Purdue continues to explore new ways to leverage this funding for targeted industrial partnerships, in exchange for contributions by the industrial partner, such as matching funds, in-kind product development or business advisement services. Further, also being explored is a fellowship award associated with one or more of the students involved in performing the proof-of-concept work that bears the name of the industrial partner. This fall, the TIF will pilot this next generation of proof-of-concept funding in the area of agriculture with the Agricultural Alumni Seed Improvement Association, Inc., a non-profit organization located in Romney, Indiana that develops and releases high performance popcorn hybrids, many of which contain Purdue genetics.
B. Emerging Innovations Fund
The Purdue Emerging Innovations Fund (EIF) is an evergreen fund that is seeded annually by the Trask Venture Fund. New ventures eligible for the seed funding through the EIF are either developing a Purdue technology or have a principal place of business in the Purdue Technology Centers located throughout the State of Indiana. The EIF funds are awarded to the new venture to support technology translation and development as well as corporate development.
Synergistic to education, the EIF serves as an experiential learning opportunity for Purdue graduate and undergraduate students. Purdue students receive 3-course credit hours through the Krannert School of Management to undertake diligence reviews of the EIF applicants, perform an in-depth business analysis and present findings to the EIF Economic Advisory Board which includes a recommendation for funding, or not. Students from any discipline meeting minimum requirements may apply and if selected, throughout the semester, inure the benefit of interactions with the entrepreneurs and theEconomic Advisory Board, who are each active investors, financial advisors, bankers or venture capitalist.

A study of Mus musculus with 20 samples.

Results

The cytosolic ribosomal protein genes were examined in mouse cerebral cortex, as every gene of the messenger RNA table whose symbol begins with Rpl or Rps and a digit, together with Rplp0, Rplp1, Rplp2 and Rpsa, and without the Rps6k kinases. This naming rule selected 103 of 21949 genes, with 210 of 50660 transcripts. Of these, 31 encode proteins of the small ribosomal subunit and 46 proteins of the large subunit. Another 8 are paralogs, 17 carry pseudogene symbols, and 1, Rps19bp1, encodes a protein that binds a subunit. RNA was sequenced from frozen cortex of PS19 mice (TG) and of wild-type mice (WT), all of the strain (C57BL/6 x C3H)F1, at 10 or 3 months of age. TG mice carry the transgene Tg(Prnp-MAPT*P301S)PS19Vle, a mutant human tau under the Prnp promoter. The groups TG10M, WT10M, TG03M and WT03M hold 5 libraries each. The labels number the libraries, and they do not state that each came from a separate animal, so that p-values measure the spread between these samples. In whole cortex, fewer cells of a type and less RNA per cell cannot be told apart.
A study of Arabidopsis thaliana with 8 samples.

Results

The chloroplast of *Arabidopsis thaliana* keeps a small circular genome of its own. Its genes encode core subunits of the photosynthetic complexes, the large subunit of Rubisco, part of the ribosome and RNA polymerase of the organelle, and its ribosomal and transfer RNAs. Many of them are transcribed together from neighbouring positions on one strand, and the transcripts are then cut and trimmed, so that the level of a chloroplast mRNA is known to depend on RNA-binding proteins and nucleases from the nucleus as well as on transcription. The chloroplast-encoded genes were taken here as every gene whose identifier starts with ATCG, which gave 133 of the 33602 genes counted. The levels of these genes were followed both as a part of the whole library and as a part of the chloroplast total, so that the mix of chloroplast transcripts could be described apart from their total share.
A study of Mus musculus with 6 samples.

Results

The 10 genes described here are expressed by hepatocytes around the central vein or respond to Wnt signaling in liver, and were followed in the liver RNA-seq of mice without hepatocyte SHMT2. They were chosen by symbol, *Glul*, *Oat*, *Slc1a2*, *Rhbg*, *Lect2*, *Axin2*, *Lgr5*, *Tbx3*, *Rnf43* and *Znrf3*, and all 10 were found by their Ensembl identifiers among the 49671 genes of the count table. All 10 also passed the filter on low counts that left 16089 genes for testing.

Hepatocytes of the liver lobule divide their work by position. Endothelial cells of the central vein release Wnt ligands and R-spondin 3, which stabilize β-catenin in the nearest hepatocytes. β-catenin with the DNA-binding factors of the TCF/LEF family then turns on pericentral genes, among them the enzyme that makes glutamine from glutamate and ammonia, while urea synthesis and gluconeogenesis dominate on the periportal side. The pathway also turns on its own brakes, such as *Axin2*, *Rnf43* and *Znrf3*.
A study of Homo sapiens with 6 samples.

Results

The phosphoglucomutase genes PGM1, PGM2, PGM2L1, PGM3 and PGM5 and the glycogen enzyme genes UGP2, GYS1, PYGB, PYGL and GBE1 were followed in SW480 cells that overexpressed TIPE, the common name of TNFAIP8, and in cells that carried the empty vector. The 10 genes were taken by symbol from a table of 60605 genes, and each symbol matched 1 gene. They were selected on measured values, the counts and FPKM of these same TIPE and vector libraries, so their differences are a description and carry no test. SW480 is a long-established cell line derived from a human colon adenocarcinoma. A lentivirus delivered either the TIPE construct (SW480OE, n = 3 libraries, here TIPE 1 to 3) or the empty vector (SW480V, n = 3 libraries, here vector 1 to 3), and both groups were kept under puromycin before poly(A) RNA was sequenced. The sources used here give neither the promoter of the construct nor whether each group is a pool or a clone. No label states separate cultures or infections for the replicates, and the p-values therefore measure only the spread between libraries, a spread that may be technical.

Funding decisions are made in consultation with the Economic Advisory Board, and transacted as convertible debt. Amounts invested may be up to $150,000 and are performance-based.
After three years in earnest of enabling investments, the Emerging Innovations Fund has invested into six new ventures, four of whom have received more than $2 million in follow-on dilutive or non-dilutive funding and account for 13 new jobs in the State of Indiana. Purdue will track these value-inflections for the next several years to establish a multiplier on its overall investments. At that time will the data be sufficient to draw material conclusions.
II. Other Purdue University Innovative Practices that Support Technology Transfer and Development
In the last several months, the Office of Technology Commercialization has unveiled new procedures and policy implementations to accelerate the quantity of technologies transferring out of the university, whether owned by Purdue University or not. Purdue students who create an invention in the performance of coursework, such as a design project for an engineering course, own those inventions. Purdue inventors who have contributed Purdue-owned intellectual property may elect an 'as is' license contract to establish a new venture based on the invention to which she or he contributed. Purdue-owned intellectual property will be reviewed and assessed by the Purdue Research Foundation on a 6-month timeline, ending in a go/no go decision.